British youngster Mason Hollyman, Israel Cycling Academy’s team leader in the Giro d’Italia for U-23 riders, completed the first four days of racing well. Today, after the rest day, he looks back on leading the Israeli Continental team in a successful Giro and looks forward to the three interesting stages yet to come.

The highlight of ICA’s trip to Italy for the Giro Giovani, the most important stage race for U-23 riders in the world, was Riley Pickrell’s win in stage 4. “An amazing day”, Hollyman confirms. “Once he survived that climb, Edo Goldstein and I knew he would have a good chance. We brought him to the front, and then Pickrell rounded it off with class. Our Giro Giovani is already a success, with three more stages to come.”

One by one

Hollyman himself was targeting the “incredibly hard” third stage of the “Baby Giro”. The 177 km stage, excluding the nearly sixteen kilometers of neutralization, featuring one of the steepest sides of the Passo di Mortirolo halfway into the stage, was a big challenge. The riders had to overcome more than 5000 meters of elevation. Unsurprisingly, the riders came across the finish line one by one.

The cyclist who was born in Huddersfield came across the line in twelfth position, seven minutes and 29 seconds behind the lone leader and fellow countryman Leo Hayter. “What [Hayter] showed so far this week is remarkable. He wins two stages solo and not only by a few seconds – he was far ahead of the bunch, and it will be hard to race him out of the leader’s jersey.”, the British younger with a professional contract in the pocket for season 2023 says.

Onto the WorldTour next year

Hollyman, who did an Everesting challenge in 2020, moves up next year with his Academy friends Marco Frigo and Derek Gee. Frigo was supposed to race in the Giro U-23 as well, however, the Italian youngster is suffering a wrist injury. Meanwhile, Gee is too old to compete in the Gio Giovani.

It was not a difficult decision for Hollyman when the team came up with an offer to turn professional. “I am happy here, and I am also happily living in Girona, the team’s home base. Climbing the ranks in Israel – Premier Tech is, therefore, a dream come true.”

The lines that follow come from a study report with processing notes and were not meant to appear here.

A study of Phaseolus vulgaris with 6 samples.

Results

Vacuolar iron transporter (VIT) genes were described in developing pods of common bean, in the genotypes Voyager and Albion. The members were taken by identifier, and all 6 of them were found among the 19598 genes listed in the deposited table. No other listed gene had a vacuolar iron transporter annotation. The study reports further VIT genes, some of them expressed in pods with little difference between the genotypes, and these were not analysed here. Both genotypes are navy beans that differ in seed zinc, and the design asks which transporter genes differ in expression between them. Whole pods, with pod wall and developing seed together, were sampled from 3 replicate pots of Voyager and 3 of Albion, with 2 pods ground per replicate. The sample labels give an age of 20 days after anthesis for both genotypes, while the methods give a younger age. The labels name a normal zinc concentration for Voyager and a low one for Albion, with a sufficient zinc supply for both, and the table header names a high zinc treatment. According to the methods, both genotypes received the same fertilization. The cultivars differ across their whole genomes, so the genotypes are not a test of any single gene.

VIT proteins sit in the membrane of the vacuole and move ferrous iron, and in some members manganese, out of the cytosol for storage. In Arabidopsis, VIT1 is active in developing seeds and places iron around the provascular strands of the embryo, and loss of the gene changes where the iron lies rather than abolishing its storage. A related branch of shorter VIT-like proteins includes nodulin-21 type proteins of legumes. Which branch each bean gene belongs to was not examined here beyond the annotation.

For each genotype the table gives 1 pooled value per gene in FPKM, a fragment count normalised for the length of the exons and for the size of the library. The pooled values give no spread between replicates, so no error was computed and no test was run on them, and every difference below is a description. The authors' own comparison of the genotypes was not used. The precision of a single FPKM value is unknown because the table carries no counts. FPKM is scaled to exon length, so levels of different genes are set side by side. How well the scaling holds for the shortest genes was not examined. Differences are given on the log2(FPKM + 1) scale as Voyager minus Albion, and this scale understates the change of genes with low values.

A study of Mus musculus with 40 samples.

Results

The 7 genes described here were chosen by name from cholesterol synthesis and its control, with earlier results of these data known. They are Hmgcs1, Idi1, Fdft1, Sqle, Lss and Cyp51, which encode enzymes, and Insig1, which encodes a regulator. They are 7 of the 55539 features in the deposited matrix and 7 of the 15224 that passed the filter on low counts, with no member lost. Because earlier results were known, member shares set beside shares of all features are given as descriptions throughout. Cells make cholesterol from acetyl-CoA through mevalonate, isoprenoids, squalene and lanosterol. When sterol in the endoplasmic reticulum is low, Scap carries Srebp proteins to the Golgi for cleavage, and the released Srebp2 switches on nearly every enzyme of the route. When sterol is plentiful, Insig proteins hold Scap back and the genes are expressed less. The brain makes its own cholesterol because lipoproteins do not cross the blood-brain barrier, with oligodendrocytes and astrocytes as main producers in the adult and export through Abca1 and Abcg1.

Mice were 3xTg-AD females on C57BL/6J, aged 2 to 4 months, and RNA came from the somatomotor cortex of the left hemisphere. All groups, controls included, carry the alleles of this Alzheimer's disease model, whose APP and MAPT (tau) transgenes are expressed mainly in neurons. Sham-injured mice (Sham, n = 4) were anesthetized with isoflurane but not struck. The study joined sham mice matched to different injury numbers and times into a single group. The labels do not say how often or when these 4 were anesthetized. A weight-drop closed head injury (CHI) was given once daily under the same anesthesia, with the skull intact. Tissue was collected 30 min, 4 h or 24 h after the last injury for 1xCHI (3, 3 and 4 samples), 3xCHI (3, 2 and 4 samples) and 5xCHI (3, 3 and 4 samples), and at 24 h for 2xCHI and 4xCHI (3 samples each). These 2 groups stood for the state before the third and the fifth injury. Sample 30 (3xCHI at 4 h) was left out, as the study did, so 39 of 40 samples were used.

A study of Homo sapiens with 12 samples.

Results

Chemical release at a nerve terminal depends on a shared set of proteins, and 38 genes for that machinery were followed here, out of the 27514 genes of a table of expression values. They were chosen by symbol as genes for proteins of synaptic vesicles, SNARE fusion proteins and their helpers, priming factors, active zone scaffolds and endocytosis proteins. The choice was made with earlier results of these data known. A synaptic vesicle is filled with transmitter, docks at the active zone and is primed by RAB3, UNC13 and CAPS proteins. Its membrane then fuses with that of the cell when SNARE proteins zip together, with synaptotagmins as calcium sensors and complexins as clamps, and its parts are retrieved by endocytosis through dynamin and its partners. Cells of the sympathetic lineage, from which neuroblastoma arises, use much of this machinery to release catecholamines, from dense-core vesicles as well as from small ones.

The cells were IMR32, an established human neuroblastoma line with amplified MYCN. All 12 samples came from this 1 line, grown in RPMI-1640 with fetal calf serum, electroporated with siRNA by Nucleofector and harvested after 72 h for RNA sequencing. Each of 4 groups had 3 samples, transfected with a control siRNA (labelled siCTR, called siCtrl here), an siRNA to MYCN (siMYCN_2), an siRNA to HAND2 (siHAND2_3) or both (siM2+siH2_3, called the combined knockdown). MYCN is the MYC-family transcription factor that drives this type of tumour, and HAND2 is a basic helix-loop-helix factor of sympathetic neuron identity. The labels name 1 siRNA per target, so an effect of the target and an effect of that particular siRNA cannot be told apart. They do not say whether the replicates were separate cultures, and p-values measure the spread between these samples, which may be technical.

“The opportunities the team gave me this season, for instance going on a training camp with my childhood hero Chris Froome, was amazing. Also, in general, I enjoy the environment on this team. It is professional and everyone takes their job in the team seriously, while there is also always space for laughs and smiles.”

Not his first Baby Giro

Even though a professional contract is signed, Academy’s team leader still wants to shine in the Baby Giro. It is a race that he knows very well.

In 2019, he finished twentieth in the general classification with the Holdsworth-Zappi squad that is based in Italy and is also racing in the Giro Giovani this year. One year later, he tried to improve his GC result, but a crash in the second stage dashed his GC hopes.

As Israel Cycling Academy did not participate last year, he is committed to bringing this year’s Giro to success. “I can do better than that top-20 from a few years ago”, the Brit says. “I got older, stronger, and more experienced over time.”

‘The GC is still the goal’

After the rest day and that challenging stage 3, Hollyman is now placed eleventh in the general classification of the most important race for teams with U-23 riders in the world.

“It was not the best day for average legs”, Hollyman said after stage 3. “I gave everything I had that day, but I just could not give more. I popped on the mountaintop finish and lost a bit more time, however, I am still in the game for a good result in the GC.”

“Together with my teammates, I hope to get that top-10 in the general classification here. Their support has been great so far and I still feel good.”

The morale in the team has been great so far and got another massive boost after Pickrell’s success in stage 4. “I must admit, his stage win is very inspiring.”

A few more chances

Hollyman himself, who scored his first professional victory last year with ICA in the Volta a Portugal, will get a few more chances this race. There is a long mountaintop finish in stage 6 and stage 7 is one for puncheurs.

“There are some very challenging stages to come, stages that suit me well on paper. I hope to pull something off for the team.”